The Animal Forest: Villager and his tree

I just finished training Villager, and decided to experiment with some different training methods while I did so. We’re going to cover my observations of Villager first, and then the potential uses of the training methods in a separate post.

What’s different?

Like Greninja, Villager seems to be a capable amiibo with not a lot of obvious quirks or idiosyncracies. He’s far, far improved from his Smash 4 AI as far as I can tell and can even manage to use some of the more advanced parts of his moveset. After demonstrating how to use his down special chain of moves twenty to thirty times over the span of fifteen levels, Villager started to use it himself. He didn’t complete the process until about level thirty, when I let him hit me with a few times. After that point he would occasionally use it and would typically land the tree.

He also knows how to use Pocket, and I got him to pocket an item and throw it back a few times. The only projectile he ever threw back was the piece of wood left over from his tree, but hey, it’s a projectile. It still counts!

The actual training

Starting off, I only used down air and up air on Villager. I noticed that Isabelle seemed to innately know these moves and KO’d often with them, so I wanted to see if they were useful with Villager as well. I’m not so sure that was the best choice, but once I made it I stuck with it. He also innately knew when to use each one: when I was at the top blast zone, he used up air. When I was off-stage he used the down air to meteor smash me. The ability to recognize these situations seems to be a universal AI change in Ultimate.

Once he learned his aerials and the tree, I started to loosen up and use a few other moves here and there. I still mostly stuck with those aerials and tree, but if the situation called for it I’d make use of a different attack as well. Sometimes it was his Gyroid Rocket, or his forward smash for a KO. He picked those up very quickly. Another universal AI change in Ultimate seems to be all-around more human traits, for amiibo. Amiibo don’t do what you don’t teach them to, but do use what you teach them to use. They stick closer to your instructions this time around.

My mistake, and how I fixed it

I realized that I had made a mistake teaching him to use his aerials first at about level thirty-five. Villager was so enthusiastic about his aerials that he would jump around and use them almost endlessly, regardless of his position relative to me. While the Villager would often connect his attack with my shield, about one-fifth of the time he would wildly miss and leave himself open to counterattack. I had to take the rest of my time training him to reiterate the importance of staying on the ground and using his tree. Had I known he would do that, I would instead start the training with the tree and only introduce aerials and jumping at about level thirty.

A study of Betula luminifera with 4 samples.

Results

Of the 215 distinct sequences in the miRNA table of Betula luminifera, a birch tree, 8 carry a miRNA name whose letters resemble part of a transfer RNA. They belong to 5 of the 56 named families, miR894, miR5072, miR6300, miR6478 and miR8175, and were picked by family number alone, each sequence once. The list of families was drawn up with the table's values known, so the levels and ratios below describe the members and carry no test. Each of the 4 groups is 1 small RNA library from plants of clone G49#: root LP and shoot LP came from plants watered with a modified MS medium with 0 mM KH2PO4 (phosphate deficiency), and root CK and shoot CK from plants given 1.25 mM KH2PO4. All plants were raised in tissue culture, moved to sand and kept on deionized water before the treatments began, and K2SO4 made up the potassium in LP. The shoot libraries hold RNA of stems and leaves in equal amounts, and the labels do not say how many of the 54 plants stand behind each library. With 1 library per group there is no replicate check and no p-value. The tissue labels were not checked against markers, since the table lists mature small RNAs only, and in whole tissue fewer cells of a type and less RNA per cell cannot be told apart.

When teaching your Villager to stay on the ground, there’s a few specific attacks you can use to really hit the point home. These are the ones I used, and in the span of fifteen levels they seem to have been very effective:

  • Tree
  • Forward smash
  • Up smash
  • Up tilt

Your Villager is a smart amiibo, much smarter than his Smash 4 counterpart. He knows all of his moves and how to properly use them much better than any amiibo from Smash 4 ever did, trained or otherwise (no disrespect to any amiibo trainers intended). If you show him how he should use his more complicated moves, he will learn them. If you don’t teach him to use a move, he won’t learn them. I never once used his forward or down tilt, and he never once used them. Trust your Villager amiibo to learn from you this time around, and instead worry on cleaning up the small issues.

What we learned

In conclusion, Villager is pretty smart this time around. His tests against other amiibo will be expounded on in a future post, but in the mean time he seems to be a capable amiibo who holds promise. It could just be my inexperience with Ultimate’s AI: if all amiibo are objectively better, then it would be hard to see how they stand relative to each other until we can train many more than the ones we have already trained. Regardless, he’s a lot more fun to train this go-round and I’m sure you will enjoy watching him develop.